For reasons of clarity, the authors have deliberately chosen examples that apply to machines from all eras, without having to water down the contents of the book. This choice helps to show how techniques, concepts and performances have evolved since the first computers.
The book is divided into five parts. The first four, which are of increasing difficulty, are the core of the book: “Elements of a Basic Architecture”, “Programming Model and Operation”, “Memory Hierarchy”, “Parallelism and Performance Enhancement”. The final part provides hints and solutions to the exercises in the book as well as appendices. The reader may approach each part independently based on their prior knowledge and goals.
Like the popular O'Reilly book, Understanding the Linux Kernel, this book clearly explains the underlying concepts and teaches you how to follow the actual C code that implements it. Although some background in the TCP/IP protocols is helpful, you can learn a great deal from this text about the protocols themselves and their uses. And if you already have a base knowledge of C, you can use the book's code walkthroughs to figure out exactly what this sophisticated part of the Linux kernel is doing.
Part of the difficulty in understanding networks -- and implementing them -- is that the tasks are broken up and performed at many different times by different pieces of code. One of the strengths of this book is to integrate the pieces and reveal the relationships between far-flung functions and data structures. Understanding Linux Network Internals is both a big-picture discussion and a no-nonsense guide to the details of Linux networking. Topics include:Key problems with networkingNetwork interface card (NIC) device driversSystem initializationLayer 2 (link-layer) tasks and implementationLayer 3 (IPv4) tasks and implementationNeighbor infrastructure and protocols (ARP)BridgingRoutingICMP
Author Christian Benvenuti, an operating system designer specializing in networking, explains much more than how Linux code works. He shows the purposes of major networking features and the trade-offs involved in choosing one solution over another. A large number of flowcharts and other diagrams enhance the book's understandability.
This book contributes to our understanding of a number of theories and models. The theoretical contribution of this book is that it analyzes and synthesizes the relevant literature in order to enhance knowledge of IS theories and models from various perspectives. To cater to the information needs of a diverse spectrum of readers, this book is structured into two volumes, with each volume further broken down into two sections.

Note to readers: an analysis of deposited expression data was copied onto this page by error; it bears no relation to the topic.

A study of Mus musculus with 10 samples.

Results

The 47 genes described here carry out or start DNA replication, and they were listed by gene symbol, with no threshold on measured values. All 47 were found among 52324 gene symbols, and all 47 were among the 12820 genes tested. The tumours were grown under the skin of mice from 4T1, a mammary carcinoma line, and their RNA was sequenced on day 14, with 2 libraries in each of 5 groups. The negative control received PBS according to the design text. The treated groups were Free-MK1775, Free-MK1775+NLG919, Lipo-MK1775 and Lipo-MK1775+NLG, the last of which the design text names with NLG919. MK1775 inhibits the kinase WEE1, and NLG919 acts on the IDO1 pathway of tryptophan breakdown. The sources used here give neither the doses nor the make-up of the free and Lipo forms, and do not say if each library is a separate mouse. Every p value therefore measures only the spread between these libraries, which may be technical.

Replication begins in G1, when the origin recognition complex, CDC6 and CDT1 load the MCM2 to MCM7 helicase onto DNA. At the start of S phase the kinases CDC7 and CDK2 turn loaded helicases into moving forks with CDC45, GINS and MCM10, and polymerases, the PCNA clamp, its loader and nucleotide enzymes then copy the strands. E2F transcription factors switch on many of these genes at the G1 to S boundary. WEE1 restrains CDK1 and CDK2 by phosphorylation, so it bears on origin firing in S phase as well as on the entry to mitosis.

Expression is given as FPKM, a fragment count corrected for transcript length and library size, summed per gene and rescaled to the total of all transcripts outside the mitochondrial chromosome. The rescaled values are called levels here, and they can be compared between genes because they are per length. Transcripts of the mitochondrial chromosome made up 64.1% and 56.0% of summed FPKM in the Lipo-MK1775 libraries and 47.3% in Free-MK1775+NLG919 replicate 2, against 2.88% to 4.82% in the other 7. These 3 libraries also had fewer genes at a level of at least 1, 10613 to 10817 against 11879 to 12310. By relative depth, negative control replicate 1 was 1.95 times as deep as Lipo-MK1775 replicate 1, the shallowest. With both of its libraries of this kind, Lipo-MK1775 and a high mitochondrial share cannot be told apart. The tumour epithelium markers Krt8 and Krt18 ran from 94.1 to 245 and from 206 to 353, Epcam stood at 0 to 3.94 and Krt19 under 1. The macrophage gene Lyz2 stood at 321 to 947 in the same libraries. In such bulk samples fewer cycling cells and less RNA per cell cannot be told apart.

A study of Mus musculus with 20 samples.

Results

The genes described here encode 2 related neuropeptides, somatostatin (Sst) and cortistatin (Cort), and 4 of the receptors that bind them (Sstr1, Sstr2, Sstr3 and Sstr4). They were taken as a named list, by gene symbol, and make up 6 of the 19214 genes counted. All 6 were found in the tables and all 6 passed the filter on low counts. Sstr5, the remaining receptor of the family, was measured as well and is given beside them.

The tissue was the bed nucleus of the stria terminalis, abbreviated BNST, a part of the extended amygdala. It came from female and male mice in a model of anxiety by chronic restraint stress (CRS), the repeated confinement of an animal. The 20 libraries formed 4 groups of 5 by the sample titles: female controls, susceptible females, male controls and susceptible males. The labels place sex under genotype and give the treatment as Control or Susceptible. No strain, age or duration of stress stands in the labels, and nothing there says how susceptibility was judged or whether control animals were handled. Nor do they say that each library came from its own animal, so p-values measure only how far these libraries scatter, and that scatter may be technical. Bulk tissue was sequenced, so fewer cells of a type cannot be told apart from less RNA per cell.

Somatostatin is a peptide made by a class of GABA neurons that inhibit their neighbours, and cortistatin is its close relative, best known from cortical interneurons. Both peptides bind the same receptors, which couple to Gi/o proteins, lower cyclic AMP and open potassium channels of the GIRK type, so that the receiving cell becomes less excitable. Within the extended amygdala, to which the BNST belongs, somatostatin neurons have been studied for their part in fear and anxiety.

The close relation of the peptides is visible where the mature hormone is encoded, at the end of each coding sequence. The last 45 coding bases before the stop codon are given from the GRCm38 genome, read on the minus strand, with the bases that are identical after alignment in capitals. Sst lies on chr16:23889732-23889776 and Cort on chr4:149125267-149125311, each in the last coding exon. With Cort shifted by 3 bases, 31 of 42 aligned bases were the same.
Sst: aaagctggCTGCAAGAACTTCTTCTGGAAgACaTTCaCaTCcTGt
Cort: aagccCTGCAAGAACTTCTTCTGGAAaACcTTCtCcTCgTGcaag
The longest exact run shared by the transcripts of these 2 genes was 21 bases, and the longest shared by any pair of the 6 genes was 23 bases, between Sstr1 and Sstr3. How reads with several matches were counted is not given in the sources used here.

The first section of Volume 1 presents detailed descriptions of a set of theories centered around the IS lifecycle, including the Success Model, Technology Acceptance Model, User Resistance Theories, and four others. The second section of Volume 1 contains strategic and economic theories, including a Resource-Based View, Theory of Slack Resources, Portfolio Theory, Discrepancy Theory Models, and eleven others.
The first section of Volume 2 concerns socio-psychological theories. These include Personal Construct Theory, Psychological Ownership, Transactive Memory, Language-Action Approach, and nine others. The second section of Volume 2 deals with methodological theories, including Critical Realism, Grounded Theory, Narrative Inquiry, Work System Method, and four others.
Together, these theories provide a rich tapestry of knowledge around the use of theory in IS research. Since most of these theories are from contributing disciplines, they provide a window into the world of external thought leadership.
Information Theory and Best Practices in the IT Industry begins by examining practices of benchmarking productivity and critically appraises them. Next the book identifies different variables which affect productivity and variables that affect quality, developing useful equations that explaining their relationships. Finally these equations and findings are applied to case studies. Utilizing this book, practitioners can decide about what emphasis they should attach to different variables in their own companies, while seeking to optimize productivity and defect density.
Computational Science should enhance the quality of human life, not only solve their problems. Computational Science should help humans to make wise decisions by presenting choices and their possible consequences. Computational Science should help us make sense of observations, understand natural language, plan and reason with extensive background knowledge. Intelligence with wisdom is perhaps an ultimate goal for human-oriented science.
This book is a compilation of some recent research findings in computer application and computational science. This book provides state-of-the-art accounts in Computer Control and Robotics, Computers in Education and Learning Technologies, Computer Networks and Data Communications, Data Mining and Data Engineering, Energy and Power Systems, Intelligent Systems and Autonomous Agents, Internet and Web Systems, Scientific Computing and Modeling, Signal, Image and Multimedia Processing, and Software Engineering.